The offer to fight in Rio de Janeiro for her UFC debut was on the table. It made sense, as Mackenzie Dern — an all-time great Brazilian jiu-jitsu practitioner and daughter of legend Wellington “Megaton” Dias — considers the country a second home. But stepping into the Octagon for the first time, in that setting, with that spotlight? It was simply too much too fast.
“I wanted to fight there, but to have to debut there? It was a lot of pressure,” Dern, one of the sport’s top prospects, said this week.
She instead had her first career UFC bout with Ashley Yoder at UFC 222 in Las Vegas in March. Dern appeared outmatched while standing; however, her ground game — as expected — allowed her to come away with a narrow split-decision victory.
The experience now in the rear-view mirror, Dern immediately reached out to the UFC about setting up a fight on next weekend’s UFC 224 card. The matchmakers obliged.
“As soon as I finished the [March 3] fight, I asked, ‘Please … I’m not injured, I want to fight in Brazil.’ Now I don’t have to think of the debut. That’s one responsibility that’s out of the way, and I can just focus on the pressure of fighting in Brazil.”
Thousands of fans will scream her name at the Jeunesse Arena, however, one in particular will stand out: her father. He has not seen any of Dern’s six MMA fights in person. That will change next Saturday night in his hometown.
“I’m excited for him. I think he’s going to get so nervous,” Dern said of Dias, a sixth-degree black belt and 10-time world BJJ champion. “I’ve wanted him to come to my fights, but he’s never come. Everything happens for a reason. It’s going to be a really big moment. It’s going to push me to fight even better.”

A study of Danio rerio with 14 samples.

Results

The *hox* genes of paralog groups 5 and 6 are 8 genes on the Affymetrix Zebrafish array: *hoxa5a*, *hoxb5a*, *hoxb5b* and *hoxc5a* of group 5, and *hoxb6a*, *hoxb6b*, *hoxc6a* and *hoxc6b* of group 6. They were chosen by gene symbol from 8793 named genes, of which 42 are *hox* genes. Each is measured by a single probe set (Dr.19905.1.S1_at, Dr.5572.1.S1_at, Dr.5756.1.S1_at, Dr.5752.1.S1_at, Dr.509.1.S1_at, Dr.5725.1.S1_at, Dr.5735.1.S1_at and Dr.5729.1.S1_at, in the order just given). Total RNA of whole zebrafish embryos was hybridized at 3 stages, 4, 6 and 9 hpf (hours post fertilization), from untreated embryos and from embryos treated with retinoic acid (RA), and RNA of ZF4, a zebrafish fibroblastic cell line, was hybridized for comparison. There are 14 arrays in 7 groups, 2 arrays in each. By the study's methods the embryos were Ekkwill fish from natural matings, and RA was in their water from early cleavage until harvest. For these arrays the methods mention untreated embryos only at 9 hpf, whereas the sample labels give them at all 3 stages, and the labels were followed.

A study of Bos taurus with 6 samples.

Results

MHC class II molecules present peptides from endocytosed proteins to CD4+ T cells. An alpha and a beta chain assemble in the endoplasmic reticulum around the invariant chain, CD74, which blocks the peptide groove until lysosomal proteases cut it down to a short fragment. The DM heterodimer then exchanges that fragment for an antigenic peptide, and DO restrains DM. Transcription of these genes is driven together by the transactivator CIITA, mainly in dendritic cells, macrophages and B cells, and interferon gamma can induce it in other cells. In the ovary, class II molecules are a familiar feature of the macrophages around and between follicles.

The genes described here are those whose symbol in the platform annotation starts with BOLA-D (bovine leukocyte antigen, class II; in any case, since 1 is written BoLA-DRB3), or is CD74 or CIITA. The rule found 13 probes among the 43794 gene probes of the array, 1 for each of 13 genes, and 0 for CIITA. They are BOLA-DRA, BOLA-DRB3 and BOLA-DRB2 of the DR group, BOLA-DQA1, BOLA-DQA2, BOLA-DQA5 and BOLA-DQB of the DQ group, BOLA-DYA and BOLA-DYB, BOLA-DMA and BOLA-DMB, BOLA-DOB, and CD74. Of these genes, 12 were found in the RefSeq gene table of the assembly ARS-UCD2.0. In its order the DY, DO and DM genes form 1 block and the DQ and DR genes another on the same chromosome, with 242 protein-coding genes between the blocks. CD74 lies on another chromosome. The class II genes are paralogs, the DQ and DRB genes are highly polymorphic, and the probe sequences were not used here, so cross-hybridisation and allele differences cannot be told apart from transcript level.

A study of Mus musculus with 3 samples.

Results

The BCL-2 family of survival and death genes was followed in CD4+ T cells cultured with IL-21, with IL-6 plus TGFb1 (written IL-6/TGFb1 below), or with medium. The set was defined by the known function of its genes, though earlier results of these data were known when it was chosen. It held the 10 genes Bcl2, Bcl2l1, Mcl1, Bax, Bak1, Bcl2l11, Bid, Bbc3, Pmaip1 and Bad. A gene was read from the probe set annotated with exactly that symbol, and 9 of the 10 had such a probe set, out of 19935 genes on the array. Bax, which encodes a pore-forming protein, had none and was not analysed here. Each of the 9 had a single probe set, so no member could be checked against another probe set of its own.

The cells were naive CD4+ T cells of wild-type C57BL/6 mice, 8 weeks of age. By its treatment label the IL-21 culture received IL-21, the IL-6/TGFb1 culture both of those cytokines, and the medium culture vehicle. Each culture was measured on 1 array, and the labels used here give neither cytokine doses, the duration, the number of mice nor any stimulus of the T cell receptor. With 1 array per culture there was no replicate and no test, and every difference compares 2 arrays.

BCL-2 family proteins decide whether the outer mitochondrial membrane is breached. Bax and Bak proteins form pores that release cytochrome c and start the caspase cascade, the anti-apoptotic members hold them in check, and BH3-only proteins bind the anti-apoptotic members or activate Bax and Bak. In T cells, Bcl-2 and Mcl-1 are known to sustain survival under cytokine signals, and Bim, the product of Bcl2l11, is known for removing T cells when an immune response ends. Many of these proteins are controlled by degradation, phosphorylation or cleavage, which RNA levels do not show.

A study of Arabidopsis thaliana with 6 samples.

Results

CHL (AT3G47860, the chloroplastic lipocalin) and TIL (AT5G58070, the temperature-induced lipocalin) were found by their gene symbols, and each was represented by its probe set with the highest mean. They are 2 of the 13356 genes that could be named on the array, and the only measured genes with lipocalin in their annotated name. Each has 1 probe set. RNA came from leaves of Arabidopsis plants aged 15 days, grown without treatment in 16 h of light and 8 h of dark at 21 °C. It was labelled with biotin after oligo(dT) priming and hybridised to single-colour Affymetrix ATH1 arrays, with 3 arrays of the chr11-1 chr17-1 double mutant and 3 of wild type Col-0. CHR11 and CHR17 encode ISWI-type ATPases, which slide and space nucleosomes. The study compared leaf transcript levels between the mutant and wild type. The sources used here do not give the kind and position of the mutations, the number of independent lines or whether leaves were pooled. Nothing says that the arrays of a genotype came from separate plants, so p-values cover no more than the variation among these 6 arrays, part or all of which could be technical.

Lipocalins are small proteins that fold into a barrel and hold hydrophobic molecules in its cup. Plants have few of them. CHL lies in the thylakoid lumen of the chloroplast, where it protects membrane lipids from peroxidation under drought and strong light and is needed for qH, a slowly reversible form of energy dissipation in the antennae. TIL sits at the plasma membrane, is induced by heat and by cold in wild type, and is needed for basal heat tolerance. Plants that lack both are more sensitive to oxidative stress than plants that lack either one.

While Dern will no doubt feel the love in the Octagon, her opponent, Amanda Cooper, is expected to face a hostile environment. Brazilian fans like to chant “uh vai morrer” — translated roughly to “you’re gonna die” — at fighters not from the country.
Cooper doesn’t appear rattled. She posted on social media that she plans “to derail the hype train on May 12” and has spoken negatively about Dern’s overall skill set. This includes, somewhat surprisingly, her grappling game.
Speaking to media this week in Los Angeles, Dern laughed those comments off. She called the fight against Cooper “a good matchup for me … way easier than Ashley [Yoder].” Dern said, “I think most people will be surprised by the punches. I’m a jiu-jitsu girl but I’m not scared to punch. I want to submit fast. The last fight with Ashley, I wanted to stand up. … I wanted to get the submission but didn’t want to rush to finish fast. But Amanda I want to finish fast.”
Improvement could come in the form of a new training camp. Dern was previously with the MMA Lab in Arizona but recently changed camps to work with Leo Vieira at Checkmat and Black House MMA in Southern California.
“It’s not 100 percent, but for this camp I’ve been working with them,” she said. “I’m feeling so good.”
Next Saturday night in Rio de Janeiro could be Dern’s toughest test to date. The spotlight placed on her — a BJJ world champion, with a BJJ world-champion father, fighting in the UFC in the BJJ capital of the world — will be brighter than ever. And it’s exactly how she wants it.